Northland Nature: Now, it's the turkeys' turn to feast
Retired teacher Larry Weber, a Barnum resident, is the author of “Butterflies of the North Woods,” “Spiders of the North Woods" and other books. Contact him via Katie Rohman at firstname.lastname@example.org.
As we move deeper into December, we have passed the time of the earliest sunsets of the year, Dec. 7-14, and sunsets now will start to slowly get later. Soon, we will reach the day of shortest daylight, winter solstice, the first day of winter. Along with light and dark conditions, we regularly look out on a landscape covered with snow. And subzero readings are a regular part of our days.
Though some Northlanders become migrants by spending time in the south, many of us will be here for the duration of winter. We are not alone. A large number of mammals with thick fur coats are able to remain in the region as well. They stay active and even if we do not see them during these weeks, we can read of their activities by seeing tracks in the persistent snow. I have not seen deer, fox, coyote, mice or hare in the yard lately, but tracks tell of their presence, often at night.
Also wintering with us are a variety of birds. Since they move in the daytime, we are more likely to see the activities of these avians. Often, they come to us. We may enjoy watching chickadees, nuthatches and jays feeding on sunflower seeds on a nearby feeder, while finches go for thistle seeds and woodpeckers dine on suet.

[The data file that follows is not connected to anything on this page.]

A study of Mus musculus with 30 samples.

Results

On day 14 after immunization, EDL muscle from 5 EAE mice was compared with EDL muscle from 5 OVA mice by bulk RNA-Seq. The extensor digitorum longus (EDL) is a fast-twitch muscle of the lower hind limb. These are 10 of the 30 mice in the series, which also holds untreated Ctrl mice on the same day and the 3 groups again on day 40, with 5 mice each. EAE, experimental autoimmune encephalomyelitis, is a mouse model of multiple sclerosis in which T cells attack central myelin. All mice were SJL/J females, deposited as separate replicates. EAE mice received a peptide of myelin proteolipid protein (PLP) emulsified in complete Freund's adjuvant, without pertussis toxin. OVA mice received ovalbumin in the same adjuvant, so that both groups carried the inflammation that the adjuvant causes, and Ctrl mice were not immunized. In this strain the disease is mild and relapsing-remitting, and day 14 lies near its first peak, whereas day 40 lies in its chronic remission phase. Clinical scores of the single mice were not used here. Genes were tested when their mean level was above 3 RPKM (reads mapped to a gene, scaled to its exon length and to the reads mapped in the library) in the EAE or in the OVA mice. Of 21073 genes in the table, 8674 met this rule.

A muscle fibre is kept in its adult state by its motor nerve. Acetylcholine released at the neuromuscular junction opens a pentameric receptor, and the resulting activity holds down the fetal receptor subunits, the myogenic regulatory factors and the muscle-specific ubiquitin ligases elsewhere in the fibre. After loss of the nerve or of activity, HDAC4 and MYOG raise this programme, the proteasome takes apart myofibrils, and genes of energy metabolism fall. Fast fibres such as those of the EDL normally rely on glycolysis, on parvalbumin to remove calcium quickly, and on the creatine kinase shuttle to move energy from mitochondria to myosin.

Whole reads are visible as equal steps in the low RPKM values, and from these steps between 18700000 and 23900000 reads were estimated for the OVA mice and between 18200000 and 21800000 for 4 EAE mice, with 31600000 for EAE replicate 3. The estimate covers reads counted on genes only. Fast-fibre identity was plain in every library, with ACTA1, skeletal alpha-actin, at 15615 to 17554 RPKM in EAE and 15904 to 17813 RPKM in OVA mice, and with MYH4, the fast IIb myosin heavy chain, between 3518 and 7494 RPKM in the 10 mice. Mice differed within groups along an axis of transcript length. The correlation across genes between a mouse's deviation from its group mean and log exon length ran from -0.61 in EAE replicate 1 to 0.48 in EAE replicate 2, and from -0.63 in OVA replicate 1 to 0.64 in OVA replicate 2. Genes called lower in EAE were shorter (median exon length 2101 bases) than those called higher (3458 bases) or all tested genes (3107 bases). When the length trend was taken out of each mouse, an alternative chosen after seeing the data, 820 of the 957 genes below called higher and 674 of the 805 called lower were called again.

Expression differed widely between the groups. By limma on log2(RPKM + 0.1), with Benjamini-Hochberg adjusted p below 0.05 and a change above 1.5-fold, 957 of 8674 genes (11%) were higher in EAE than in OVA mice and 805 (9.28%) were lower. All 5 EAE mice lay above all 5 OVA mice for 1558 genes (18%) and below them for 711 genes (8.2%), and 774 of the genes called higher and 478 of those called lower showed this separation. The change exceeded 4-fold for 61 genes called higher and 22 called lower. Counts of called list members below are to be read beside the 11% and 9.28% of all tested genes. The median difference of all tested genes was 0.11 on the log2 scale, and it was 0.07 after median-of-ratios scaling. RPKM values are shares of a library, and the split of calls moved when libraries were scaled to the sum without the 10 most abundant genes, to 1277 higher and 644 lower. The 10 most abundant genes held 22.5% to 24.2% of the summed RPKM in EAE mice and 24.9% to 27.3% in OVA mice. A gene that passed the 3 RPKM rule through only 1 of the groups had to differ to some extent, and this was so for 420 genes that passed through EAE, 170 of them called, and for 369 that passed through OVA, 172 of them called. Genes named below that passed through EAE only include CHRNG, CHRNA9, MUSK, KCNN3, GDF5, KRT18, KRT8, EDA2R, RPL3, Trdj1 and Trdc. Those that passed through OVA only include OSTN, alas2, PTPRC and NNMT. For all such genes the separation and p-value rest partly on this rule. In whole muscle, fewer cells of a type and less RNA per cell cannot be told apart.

But there are other birds that remain here during the cold that do not make use of our feeders. Raptors, such as hawks, eagles, owls and shrikes continue their searches for small bird and mammal meals. The opportunistic crows and ravens seem always to be able to find food despite winter weather conditions.
Also present at this time are a couple gallinaceous (chicken-like) birds: grouse and turkeys. Seeds of several kinds can serve as food for these foraging birds, and unless the snow is very deep or hard, or the season is very limited in its productivity, they will survive. And sometimes, they thrive.
I have noted a group of about 15 wild turkeys that are wintering in the woods near me. Quite often, I find their large-toed tracks in the snow. Occasionally, I’ll disturb them in their cold-weather pine tree roosting sites. Usually, they find various seeds in the woods. But there are some cold and snowy days that they join smaller birds at the feeders to gather fallen sunflower seeds. Recently, as I was going through the woods a couple days after a new snow, I found much more evidence of their feeding activities.
The snow cover of 3-4 inches was easy for me to move through and the abundance of turkey tracks and foraging along with deer and squirrels near the trail told of their movements Wild turkeys are large and strong enough to dig through the snow cover and the leaves below to find meals.
We had a good crop of acorns this fall and now the turkeys locate them. And I found where they had a feast. I went by a south-facing hillside in which the snow and leaves of the forest floor were rummaged in an area of a couple hundred square feet.
Obviously, a group of turkeys found conditions were fine for feeding and so they proceeded to leave no leaf unturned in the searching for acorn meals. With this big of an area fed upon, they must have devoured many. The turkeys found plenty here. There is much more of winter to go, I hope they will continue to find acorn meals on cold days, and maybe even more feasts.